Our opinion: Biden must start healing process
Perhaps the most important task facing President-elect Joe Biden is ending the fierce, sometimes vicious, partisanship that seems to rule Washington. He has an excellent opportunity to send a message in that regard while at the same time gaining a top-notch member of his Cabinet.
It has been reported two people are at the top of Biden’s list as potential nominees for secretary of agriculture. One is U.S. Rep. Marcia Fudge, D-Ohio. Fudge, of Cleveland, would be a good selection.
But the other candidate, former Sen. Heidi Heitkamp, D-N.D., would be excellent.
Heitkamp represents a state where agriculture is a key sector of the economy. She knows the industry and understands the concerns of both farmers and food processors. Heitkamp also has been a supporter of programs such as “food stamps,” which are an enormous benefit to low-income Americans.
On the technical merits, then, Heitkamp is very well qualified to be secretary of agriculture.
But merely understanding one’s department is only half the battle in Washington. The other, of course, is politics.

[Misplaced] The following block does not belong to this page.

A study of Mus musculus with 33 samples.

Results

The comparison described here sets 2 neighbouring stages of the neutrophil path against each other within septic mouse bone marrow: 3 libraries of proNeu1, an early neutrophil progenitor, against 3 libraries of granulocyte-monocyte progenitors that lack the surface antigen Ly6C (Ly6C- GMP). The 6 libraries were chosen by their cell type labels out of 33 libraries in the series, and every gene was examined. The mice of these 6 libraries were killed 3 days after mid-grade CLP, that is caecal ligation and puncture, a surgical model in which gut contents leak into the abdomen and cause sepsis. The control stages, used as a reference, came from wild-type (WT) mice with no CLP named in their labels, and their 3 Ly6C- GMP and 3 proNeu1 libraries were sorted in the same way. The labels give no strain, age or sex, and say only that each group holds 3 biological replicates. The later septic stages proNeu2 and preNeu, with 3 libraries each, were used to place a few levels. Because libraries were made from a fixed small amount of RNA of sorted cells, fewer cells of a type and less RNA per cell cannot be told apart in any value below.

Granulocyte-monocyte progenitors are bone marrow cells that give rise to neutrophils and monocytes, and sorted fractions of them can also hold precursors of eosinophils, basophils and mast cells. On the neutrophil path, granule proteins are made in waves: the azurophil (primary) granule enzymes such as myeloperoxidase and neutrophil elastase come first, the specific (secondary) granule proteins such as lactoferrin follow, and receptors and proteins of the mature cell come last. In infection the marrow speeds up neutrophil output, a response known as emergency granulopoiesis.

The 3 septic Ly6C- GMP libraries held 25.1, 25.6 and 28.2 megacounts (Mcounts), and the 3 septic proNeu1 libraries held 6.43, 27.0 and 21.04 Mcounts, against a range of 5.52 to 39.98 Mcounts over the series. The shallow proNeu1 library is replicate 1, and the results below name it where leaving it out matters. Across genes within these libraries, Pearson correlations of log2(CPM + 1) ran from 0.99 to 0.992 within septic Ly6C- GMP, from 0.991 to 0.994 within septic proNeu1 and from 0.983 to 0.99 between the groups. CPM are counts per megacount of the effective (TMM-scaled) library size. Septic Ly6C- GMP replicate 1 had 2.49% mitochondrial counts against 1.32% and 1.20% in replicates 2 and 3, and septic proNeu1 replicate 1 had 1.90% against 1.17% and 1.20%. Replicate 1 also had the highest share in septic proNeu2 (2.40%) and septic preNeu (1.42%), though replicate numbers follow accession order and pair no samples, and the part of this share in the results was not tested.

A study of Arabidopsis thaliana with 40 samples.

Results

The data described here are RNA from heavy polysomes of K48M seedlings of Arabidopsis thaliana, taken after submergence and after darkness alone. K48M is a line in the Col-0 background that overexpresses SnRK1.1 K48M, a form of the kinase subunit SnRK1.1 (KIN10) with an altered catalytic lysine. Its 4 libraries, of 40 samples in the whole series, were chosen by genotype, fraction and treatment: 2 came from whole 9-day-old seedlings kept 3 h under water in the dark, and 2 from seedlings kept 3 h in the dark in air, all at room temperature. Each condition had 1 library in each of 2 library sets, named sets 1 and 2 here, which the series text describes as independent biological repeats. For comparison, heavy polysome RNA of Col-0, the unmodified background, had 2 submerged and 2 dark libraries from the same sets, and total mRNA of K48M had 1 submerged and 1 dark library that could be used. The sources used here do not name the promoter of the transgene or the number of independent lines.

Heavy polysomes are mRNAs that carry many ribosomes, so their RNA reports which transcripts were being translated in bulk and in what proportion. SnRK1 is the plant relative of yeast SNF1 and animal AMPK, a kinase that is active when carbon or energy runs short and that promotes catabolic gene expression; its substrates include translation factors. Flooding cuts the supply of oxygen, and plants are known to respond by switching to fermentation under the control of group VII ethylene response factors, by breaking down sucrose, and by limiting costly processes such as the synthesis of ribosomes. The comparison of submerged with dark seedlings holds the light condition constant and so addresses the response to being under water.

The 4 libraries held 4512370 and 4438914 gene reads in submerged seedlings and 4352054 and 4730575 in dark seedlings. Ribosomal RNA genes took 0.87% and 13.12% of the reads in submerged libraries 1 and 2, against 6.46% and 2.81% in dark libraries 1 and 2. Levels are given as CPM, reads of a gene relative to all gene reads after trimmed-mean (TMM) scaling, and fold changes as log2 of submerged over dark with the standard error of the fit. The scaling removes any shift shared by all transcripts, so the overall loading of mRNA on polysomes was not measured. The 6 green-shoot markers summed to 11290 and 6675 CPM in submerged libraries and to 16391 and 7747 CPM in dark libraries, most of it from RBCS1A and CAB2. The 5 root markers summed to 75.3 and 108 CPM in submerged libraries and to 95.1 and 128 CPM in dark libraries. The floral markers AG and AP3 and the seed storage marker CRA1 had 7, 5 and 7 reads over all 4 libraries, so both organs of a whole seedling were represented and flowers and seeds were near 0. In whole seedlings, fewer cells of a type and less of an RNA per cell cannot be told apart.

There, Heitkamp would be a wise choice for Biden — because of her record in the Senate as a centrist. That makes her appealing to both moderate Democrats and to Republicans in the Senate who, it appears, will be the controlling factor in confirming Biden’s nominees for Cabinet posts.
Nominating Heitkamp would send a message that Biden is serious about attempting to heal America’s political divisiveness wounds.
It would smooth the way for him in dealing with Congress — and not just in matters relating to agriculture.
In nominating Heitkamp, Biden would get a three-fer: He would get a really good secretary of agriculture.
He would earn trust from Americans sick and tired of hardline partisanship. He would build a bridge with moderates in Congress.
For these reasons, then, Heitkamp should be Biden’s nominee for secretary of agriculture.